San Francisco’s teachers’ union is filing an unfair labor practice complaint with state officials over long-running payroll problems that span over 10 months, The Standard has learned.
The United Educators of San Francisco (UESF) are expected to file the charge Monday morning as San Francisco Unified School District announced a corrective action plan. The filing could see the state step in to enforce the union’s contract.
Since the district switched to payroll system EMPower in January, school staff have contended with missing pay, benefits, retirement errors and other glitches that have loomed over their livelihoods. As of Oct. 21, SFUSD has over 9,200 outstanding payroll help tickets affecting about 3,500 workers, according to an outside consultant hired to fix the issues.
Since September, the union has collected more than 250 formal grievances to build up a case.
While union Vice President Frank Lara said the district has picked up the pace of making corrective checks, many issues remain around missing sick days, delayed retirement contributions, canceled benefits and tax errors.
“The union can’t rely on hope,” Lara said. “That’s where it comes with the state to intervene to make sure the contract is respected. We tried to raise the alarm.”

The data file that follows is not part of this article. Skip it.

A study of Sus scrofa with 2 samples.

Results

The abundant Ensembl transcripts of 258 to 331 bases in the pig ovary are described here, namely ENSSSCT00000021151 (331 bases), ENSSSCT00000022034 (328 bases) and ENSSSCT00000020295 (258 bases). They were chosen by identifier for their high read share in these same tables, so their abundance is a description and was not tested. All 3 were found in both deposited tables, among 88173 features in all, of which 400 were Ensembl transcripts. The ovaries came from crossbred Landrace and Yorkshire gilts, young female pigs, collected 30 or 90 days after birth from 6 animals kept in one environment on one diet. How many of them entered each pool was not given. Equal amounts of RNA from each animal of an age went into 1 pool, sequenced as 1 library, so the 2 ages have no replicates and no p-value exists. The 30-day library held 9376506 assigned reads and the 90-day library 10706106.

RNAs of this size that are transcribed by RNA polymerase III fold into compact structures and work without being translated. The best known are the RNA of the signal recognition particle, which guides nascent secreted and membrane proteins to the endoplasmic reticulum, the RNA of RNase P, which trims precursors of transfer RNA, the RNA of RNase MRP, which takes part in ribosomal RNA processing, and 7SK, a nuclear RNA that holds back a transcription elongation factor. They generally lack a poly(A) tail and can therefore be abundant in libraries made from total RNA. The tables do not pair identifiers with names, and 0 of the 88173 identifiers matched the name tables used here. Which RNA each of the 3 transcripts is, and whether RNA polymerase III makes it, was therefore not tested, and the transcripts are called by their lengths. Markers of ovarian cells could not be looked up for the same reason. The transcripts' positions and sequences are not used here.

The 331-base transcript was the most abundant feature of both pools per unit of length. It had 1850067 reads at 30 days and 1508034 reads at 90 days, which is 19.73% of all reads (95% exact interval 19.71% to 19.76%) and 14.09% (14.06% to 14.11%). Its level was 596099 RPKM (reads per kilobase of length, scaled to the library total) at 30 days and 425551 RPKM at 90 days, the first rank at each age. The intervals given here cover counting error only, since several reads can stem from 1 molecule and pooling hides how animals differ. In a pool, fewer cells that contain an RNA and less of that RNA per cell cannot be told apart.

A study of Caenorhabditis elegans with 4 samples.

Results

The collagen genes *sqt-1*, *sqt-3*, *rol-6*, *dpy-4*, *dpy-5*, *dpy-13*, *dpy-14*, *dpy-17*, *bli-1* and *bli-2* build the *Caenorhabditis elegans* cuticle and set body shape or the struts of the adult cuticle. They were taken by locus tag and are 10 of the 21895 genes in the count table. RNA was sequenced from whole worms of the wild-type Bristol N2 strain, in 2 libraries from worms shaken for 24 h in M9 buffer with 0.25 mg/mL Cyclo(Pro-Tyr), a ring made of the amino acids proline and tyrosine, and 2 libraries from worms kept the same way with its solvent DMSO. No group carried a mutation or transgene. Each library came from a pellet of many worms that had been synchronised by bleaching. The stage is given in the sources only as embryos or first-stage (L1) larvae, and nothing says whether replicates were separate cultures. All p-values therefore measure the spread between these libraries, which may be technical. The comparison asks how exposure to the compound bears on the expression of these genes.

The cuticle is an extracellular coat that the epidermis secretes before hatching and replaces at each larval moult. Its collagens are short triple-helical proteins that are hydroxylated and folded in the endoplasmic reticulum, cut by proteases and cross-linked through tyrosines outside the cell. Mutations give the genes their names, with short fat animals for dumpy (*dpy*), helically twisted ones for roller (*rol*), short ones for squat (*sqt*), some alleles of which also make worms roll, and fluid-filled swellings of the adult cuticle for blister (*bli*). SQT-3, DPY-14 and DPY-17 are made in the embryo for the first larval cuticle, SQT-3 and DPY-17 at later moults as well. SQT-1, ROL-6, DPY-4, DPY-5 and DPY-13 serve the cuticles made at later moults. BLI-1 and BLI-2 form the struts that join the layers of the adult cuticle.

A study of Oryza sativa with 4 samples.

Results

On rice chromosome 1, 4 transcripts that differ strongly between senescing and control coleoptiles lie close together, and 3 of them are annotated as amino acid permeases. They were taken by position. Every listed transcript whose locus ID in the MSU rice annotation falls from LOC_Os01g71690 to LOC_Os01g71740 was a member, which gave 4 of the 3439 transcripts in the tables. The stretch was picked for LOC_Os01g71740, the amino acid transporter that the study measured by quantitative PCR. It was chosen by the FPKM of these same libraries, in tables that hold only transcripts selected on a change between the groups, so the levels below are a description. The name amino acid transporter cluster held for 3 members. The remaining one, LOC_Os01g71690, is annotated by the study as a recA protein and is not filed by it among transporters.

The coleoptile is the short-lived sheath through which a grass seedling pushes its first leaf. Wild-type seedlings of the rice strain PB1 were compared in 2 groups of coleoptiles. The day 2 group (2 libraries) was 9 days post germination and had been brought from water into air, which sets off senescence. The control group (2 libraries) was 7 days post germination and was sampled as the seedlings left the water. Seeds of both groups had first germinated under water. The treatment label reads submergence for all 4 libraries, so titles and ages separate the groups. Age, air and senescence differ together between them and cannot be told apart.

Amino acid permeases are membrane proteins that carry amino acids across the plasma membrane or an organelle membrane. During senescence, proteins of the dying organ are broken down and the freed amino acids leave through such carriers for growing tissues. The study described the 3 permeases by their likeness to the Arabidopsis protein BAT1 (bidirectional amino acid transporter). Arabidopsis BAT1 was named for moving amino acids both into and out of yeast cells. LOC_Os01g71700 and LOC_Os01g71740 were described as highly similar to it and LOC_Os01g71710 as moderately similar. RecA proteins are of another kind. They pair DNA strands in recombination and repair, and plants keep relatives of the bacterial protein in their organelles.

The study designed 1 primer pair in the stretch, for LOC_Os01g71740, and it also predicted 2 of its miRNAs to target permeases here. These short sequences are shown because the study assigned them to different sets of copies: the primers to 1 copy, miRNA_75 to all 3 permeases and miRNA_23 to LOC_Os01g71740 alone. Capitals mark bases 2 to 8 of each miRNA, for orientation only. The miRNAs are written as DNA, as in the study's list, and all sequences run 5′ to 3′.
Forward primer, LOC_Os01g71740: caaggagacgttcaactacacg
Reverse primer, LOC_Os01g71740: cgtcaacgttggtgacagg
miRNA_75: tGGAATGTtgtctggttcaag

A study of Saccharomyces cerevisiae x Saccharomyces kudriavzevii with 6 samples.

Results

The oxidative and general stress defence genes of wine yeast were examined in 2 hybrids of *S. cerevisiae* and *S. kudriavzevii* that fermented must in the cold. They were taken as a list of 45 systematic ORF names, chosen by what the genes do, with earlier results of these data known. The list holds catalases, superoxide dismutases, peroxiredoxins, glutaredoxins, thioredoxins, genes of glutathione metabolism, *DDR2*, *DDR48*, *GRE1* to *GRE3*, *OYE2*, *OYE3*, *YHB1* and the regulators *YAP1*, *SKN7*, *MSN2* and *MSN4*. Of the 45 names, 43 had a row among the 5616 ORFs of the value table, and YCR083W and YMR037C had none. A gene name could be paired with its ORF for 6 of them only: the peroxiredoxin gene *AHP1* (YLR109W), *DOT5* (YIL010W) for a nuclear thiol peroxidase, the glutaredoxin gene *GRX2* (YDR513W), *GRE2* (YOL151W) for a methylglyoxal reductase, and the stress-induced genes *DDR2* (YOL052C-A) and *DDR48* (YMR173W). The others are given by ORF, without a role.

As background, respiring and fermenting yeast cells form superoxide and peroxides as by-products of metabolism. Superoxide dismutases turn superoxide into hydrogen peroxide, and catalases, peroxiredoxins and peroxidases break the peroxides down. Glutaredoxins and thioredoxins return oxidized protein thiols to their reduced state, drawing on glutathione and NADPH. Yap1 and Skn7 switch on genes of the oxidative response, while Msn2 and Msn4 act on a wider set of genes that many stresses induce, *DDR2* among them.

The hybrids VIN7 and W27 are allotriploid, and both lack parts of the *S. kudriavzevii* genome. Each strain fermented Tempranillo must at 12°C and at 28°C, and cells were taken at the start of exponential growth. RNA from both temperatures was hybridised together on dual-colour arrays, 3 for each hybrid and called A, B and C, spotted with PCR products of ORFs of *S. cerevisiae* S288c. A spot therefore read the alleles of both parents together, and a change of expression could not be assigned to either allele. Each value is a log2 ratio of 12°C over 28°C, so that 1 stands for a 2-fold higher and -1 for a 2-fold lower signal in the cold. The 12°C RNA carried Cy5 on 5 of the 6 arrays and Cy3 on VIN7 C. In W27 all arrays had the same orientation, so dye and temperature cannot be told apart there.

If California’s Public Employment Relations Board deems it credible, a formal complaint ensues and triggers a formal hearing if no settlement is reached. The school district has typically agreed with the grievances filed in the payroll fiasco but has not remedied them, Lara said.
The district has maintained that everyone will be paid what they’re owed. District officials also hired a consultant for $2.8 million to assess the situation and recommend a corrective action plan that Superintendent Matt Wayne said would be put into place.
That plan entails a command center with 60 staffers, a mix of reassigned SFUSD staff and contractors, led by a new Head of Staff Marin Trujillo to act on Wayne’s behalf and clear the backlog. SFUSD will provide regular updates to the public, including a dashboard tracking the number of tickets and progress made.
“It is long overdue for us to escalate this issue and take aggressive action,” Superintendent Wayne said in a statement. “Declaring a state of payroll emergency means we will be doing things differently so that we can do right by our educators and staff. You have my assurance, and the assurance of SFUSD, that these problems will be rectified.”
UESF netted a repayment agreement with SFUSD after it took over district headquarters in March and protests have continued into the new school year under a new superintendent. On Thursday, hundreds of staff blocked traffic outside the same building after several call out sick and staged protests across several campuses.
Board of Education President Jenny Lam warned of "tough decisions" needed in the days ahead. The board will have weekly updates on progress and setbacks.
"The problems with the district's payroll system are bigger and more complex than was previously known," Lam said. "It will take time to fix EMPower and even more time to fix the underlying systems. It pains me to say that."
This is a breaking news story. Check back for updates.